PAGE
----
Precipitously and with no plan in place, U.S. President Donald Trump announced late last year his intention to withdraw all American troops from Syria.
Until then, roughly 2,000 special operators, backed by combat aircraft, had exemplified the concept of “economy of force.” Achieving a lot with a little, enabling local allies to fight much more effectively than they could have on their own, they decimated the Islamic State group and helped contain the Islamic Republic of Iran.
It seemed to me and others—Trump’s top military and national security advisers among them—that he had made a significant and unforced error, one that could only encourage America’s adversaries in the Middle East and beyond, e.g., Pyongyang, Moscow, Beijing and suburban Kandahar.
Then, last Friday, the president changed his mind, deciding to leave about 400 troops in Syria. Can a force of that size do the job that needs to be done? No. But some European allies who have been sharply critical of his decision to bug out are now considering committing more of their own troops to make up the difference. In other words, Trump may succeed in getting Europeans to do serious burden-sharing in this by-no-means-ended conflict.
If so, credit is due to Sen. Lindsey Graham, who pushed hard for such a plan, both with the president in private and publicly at the annual international security conference in Munich earlier this month.
Graham was quick to praise the commander-in-chief for deciding to “follow sound military advice,” thereby ensuring “that we will not repeat the mistakes of Iraq, in Syria. For a small fraction of the forces we have had in Syria, we can accomplish our national security objectives. Well done, Mr. President.”
This episode raises a broader strategic issue. Significant factions on both the left and right are adamant that America not be the world’s policeman. A question that should arise: If the United Stattes won’t do that job, who will?
Not Denmark, Japan or Costa Rica. The United Nations isn’t up to the task and never will be. But if no one stands up to international thugs and gangsters we know what happens: They take over—country after country, region after region.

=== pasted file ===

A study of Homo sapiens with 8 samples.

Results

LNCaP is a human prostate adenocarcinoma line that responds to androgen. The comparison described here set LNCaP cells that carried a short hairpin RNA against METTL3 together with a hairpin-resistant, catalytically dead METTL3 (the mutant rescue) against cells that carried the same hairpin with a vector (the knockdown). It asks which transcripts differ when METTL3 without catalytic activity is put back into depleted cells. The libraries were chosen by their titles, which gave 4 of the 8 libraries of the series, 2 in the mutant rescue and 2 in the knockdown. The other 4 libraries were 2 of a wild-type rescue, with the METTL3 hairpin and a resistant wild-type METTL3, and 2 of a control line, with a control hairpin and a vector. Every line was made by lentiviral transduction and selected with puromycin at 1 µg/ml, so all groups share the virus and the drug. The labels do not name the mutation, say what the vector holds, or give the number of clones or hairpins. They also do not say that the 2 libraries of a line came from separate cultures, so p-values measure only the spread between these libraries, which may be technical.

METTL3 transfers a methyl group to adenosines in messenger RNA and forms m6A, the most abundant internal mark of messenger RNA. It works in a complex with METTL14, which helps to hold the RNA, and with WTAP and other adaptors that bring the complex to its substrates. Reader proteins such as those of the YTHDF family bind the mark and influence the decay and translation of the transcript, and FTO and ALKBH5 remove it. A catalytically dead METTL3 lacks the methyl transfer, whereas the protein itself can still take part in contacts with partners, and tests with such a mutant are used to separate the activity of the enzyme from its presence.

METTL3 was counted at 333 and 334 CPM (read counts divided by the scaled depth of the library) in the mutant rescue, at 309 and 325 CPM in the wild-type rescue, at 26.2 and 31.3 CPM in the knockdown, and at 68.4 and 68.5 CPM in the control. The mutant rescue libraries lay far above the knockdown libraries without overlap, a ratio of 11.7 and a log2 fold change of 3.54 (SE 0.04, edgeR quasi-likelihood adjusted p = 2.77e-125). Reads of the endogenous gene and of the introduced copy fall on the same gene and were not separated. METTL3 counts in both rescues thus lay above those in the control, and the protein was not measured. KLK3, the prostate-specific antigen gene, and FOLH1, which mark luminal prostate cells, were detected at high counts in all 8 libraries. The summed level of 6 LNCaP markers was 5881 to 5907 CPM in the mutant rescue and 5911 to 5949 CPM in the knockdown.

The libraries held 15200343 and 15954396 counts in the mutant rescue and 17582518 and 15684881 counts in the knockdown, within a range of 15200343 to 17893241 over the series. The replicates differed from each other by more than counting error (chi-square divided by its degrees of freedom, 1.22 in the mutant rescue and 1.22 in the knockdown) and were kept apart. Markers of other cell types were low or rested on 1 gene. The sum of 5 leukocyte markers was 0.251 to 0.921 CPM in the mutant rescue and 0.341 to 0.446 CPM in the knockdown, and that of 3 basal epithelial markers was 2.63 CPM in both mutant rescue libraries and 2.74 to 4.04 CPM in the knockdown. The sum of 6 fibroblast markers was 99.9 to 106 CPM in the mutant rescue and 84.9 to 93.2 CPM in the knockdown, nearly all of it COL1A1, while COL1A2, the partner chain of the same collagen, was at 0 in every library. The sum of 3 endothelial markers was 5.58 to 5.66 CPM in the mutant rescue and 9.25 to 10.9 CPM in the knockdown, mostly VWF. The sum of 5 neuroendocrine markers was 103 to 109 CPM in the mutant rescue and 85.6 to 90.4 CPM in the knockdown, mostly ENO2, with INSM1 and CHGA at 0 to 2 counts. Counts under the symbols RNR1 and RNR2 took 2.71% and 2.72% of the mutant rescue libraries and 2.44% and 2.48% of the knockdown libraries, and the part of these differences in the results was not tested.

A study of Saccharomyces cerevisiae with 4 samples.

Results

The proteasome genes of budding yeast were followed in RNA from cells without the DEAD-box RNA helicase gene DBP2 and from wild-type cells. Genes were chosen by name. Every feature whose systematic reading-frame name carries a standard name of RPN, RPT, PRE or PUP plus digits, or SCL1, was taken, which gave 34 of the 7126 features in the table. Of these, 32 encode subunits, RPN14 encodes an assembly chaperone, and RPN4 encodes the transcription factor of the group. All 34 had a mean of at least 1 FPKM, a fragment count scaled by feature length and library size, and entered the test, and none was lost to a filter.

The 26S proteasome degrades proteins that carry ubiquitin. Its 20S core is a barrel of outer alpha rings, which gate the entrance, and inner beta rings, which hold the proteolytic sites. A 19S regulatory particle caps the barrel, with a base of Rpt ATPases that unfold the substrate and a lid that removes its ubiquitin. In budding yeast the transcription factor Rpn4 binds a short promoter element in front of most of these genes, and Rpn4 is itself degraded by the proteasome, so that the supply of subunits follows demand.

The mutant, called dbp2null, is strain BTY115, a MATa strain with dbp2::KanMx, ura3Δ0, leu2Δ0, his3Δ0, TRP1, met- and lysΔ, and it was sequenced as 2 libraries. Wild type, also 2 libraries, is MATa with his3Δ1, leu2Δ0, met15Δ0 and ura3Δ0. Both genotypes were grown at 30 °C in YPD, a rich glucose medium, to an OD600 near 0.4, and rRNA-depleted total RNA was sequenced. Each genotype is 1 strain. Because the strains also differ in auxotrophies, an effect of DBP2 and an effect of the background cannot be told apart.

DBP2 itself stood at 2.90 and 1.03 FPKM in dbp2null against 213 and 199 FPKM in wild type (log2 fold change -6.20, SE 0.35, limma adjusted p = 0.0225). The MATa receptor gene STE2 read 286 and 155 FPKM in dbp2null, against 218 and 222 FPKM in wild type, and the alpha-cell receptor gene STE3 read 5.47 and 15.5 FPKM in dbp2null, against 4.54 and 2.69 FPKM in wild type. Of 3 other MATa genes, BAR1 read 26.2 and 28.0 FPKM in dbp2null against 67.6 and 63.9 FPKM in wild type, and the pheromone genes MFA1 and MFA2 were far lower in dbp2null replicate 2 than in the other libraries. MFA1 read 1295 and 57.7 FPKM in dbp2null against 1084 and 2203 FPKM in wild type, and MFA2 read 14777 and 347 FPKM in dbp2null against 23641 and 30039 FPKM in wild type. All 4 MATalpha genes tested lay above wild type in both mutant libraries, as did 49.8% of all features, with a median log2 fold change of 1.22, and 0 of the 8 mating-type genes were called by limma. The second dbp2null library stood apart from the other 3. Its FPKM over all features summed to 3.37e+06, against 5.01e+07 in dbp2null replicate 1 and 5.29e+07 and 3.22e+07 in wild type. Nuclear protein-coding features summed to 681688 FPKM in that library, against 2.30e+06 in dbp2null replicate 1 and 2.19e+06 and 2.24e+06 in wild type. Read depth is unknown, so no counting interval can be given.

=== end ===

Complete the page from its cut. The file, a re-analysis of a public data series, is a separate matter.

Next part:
Isolationists on the right say: “So what? Beyond our borders, it’s not our business.” They will appear to be correct until it becomes obvious they were disastrously wrong, as they were in the 1930s when they contended that the U.S. should do nothing to stop the Nazis and Japanese imperialists. (The most hardcore isolationists on the right still believe that.)
Isolationists on the left agree, but for a different reason: They see America as oppressive and they are oddly unconcerned about what Chinese Communists do to Uighurs and Tibetans, what Bolivarian Socialists have done to Venezuela, and what theocrats in Tehran are doing to Syrians, Lebanese, Yemenis and Iraqis. (The most hardcore isolationists on the left still blame the United States for the Cold War.)
That said, I’m not going to make a case for America as global policeman. But is it not possible to steer a path between interventionism and isolationism? What if the United States were to see itself not as a policeman but as a sheriff instead?
Unlike the cop on the beat, the lawman in the Wild West isn’t expected to make arrests for every transgression. He doesn’t worry about the painted ladies and the gamblers in the saloon. But he will appoint deputies and raise a posse to stop the worst outlaws from riding roughshod throughout the territory.
This concept is not new. Back in 1997, a time when most people still believed Russia was democratizing and China moderating, a time when jihad was a word seldom heard, Dr. Richard Haass, a diplomat and scholar, now president of the Council on Foreign Relations, wrote a book titled The Reluctant Sheriff: The United States After the Cold War.
In it, he noted that the policeman has “a greater degree of authority, a greater capacity to act alone and a greater need to act consistently than is being advocated here. By contrast, a sheriff must understand his lack of clear authority in many instances, his need to work with others, and, above all, the need to be discriminating in when and how he engages.”
Haass likened posses to coalitions that “will vary from situation to situation, as will the purpose and even authority; what will be constant is the requirement for American leadership and participation from states and actors willing and able to contribute in some form.”
In an email exchange with me last week, Haass wrote: “The bottom line is that the U.S. as sheriff is essential because the world doesn’t order itself and there is no other candidate with the capacity, habits, etc.” He added: “What Trump seems to miss is that the benefits of our fulfilling that role far outweigh the costs, and the costs are high if we do not assume that role.”
Yes, but with prodding from Graham and other wise men, the president’s views appear to be evolving. No less consequential, Europeans may be recognizing that they sometimes have to load their six-shooters, saddle up and join the posse. The alternative is to be left alone watching the sheriff ride off into the sunset.
Clifford D. May is president of the Foundation for Defense of Democracies and a columnist for “The Washington Times.”